The BC Coroners Service reports 198 deaths in July due to a toxic drug supply, six of which occurred in the East Kootenay.
July was the worst month this year as the East Kootenay region reported six deaths due to the toxic drug supply. (File Photo)

The BC Coroners Service reports 198 deaths in July due to a toxic drug supply, six of which occurred in the East Kootenay.

July was by far the worst month of the year for toxic drug deaths in the East Kootenay, as well as across Interior Health’s jurisdiction.

The East Kootenay is also on pace to surpass the number of deaths reported in 2022.

Just over halfway through the calendar year, the East Kootenay has reported 16 deaths due to drug poisonings, while 18 deaths were reported last year.

Deaths by local communities is only updated once every four months; in Cranbrook, between January and April, the BC Coroners Service reports six deaths.

“I am saddened to once again report that British Columbia’s toxic drug crisis shows no signs of abating,” said Lisa Lapointe, chief coroner. “We are continuing to experience record numbers of deaths provincewide because of the toxic drug supply. The unregulated illicit market is highly unpredictable and continues to put thousands of lives at risk each month.

“Despite recommendations for the urgent expansion of a safer drug supply, very few have access to a stable, lower-risk alternative.”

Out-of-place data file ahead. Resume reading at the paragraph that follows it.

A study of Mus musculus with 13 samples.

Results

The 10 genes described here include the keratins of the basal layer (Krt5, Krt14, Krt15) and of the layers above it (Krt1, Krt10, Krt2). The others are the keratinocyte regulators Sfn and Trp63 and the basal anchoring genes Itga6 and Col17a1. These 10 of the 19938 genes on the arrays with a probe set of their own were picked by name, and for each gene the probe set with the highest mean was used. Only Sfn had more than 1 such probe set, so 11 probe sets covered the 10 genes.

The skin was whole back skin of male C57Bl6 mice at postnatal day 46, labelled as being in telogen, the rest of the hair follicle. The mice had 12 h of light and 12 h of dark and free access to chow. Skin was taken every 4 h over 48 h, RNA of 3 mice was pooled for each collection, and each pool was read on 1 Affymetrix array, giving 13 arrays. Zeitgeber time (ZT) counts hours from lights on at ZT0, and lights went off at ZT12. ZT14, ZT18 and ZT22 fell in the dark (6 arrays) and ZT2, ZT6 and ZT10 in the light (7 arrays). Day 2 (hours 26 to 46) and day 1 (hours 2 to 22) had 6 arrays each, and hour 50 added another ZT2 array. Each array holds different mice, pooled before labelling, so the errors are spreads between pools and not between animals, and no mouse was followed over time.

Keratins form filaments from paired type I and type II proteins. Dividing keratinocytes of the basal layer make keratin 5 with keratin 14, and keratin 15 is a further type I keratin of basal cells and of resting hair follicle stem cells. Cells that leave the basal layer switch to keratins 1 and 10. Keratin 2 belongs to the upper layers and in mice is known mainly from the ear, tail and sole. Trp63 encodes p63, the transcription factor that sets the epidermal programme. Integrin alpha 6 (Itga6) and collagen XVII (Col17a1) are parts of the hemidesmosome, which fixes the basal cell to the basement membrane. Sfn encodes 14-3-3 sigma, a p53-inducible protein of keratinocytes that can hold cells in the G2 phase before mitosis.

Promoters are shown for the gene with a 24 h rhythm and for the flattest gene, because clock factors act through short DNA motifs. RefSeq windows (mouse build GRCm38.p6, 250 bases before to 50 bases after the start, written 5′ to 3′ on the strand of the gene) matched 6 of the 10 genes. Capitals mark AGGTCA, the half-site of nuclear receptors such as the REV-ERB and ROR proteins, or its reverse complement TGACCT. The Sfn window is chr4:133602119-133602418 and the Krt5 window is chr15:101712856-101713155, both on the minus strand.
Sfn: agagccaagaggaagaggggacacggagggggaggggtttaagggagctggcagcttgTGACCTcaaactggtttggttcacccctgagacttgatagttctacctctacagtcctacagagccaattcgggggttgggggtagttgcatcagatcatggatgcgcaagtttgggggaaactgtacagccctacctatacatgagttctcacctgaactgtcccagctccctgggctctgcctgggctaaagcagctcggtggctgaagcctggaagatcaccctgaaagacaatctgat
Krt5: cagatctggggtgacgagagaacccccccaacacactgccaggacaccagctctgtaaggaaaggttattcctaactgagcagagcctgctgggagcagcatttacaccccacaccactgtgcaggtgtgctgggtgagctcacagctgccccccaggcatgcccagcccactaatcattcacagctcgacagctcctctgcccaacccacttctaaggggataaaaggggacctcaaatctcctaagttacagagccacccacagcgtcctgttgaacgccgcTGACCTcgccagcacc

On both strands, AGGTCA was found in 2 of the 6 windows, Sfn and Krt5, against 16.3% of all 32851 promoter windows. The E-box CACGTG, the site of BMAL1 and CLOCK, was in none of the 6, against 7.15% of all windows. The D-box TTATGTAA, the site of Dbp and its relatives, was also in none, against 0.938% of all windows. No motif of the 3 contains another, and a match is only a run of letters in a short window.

Provincially, the number of deaths are on pace to surpass last year’s grim record of 2,384 fatal overdoses caused by drug poisonings.

“Today’s release of the report on drug toxicity deaths for the month of July 2023 by the BC Coroners Service is a stark reminder that the ongoing toxic-drug crisis continues to have a devastating impact on communities across our province,” said Jennifer Whiteside, Minister of Mental Health and Addictions.

“We hold in our hearts the memories of the 198 people lost in July in British Columbia - not as mere statistics, but as individuals who deeply matter to their loved ones and communities.

“We will continue to work relentlessly to combat this ongoing public-health emergency with a comprehensive approach that addresses both addiction and the toxic-drug supply. We are working hard to keep people safe by providing them with care and support.”

BC first declared the toxic drug crisis a public health emergency in 2016, and since then, thousands of deaths have been caused by the illicit drug supply.

Fatal overdoses have become the leading cause of deaths for people aged 10-58, accounting for more deaths than homicides, suicides, accidents and natural diseases combined, according to the BC Coroners Service.

Trevor Crawley

About the Author: Trevor Crawley

Trevor Crawley has been a reporter with the Cranbrook Townsman and Black Press in various roles since 2011.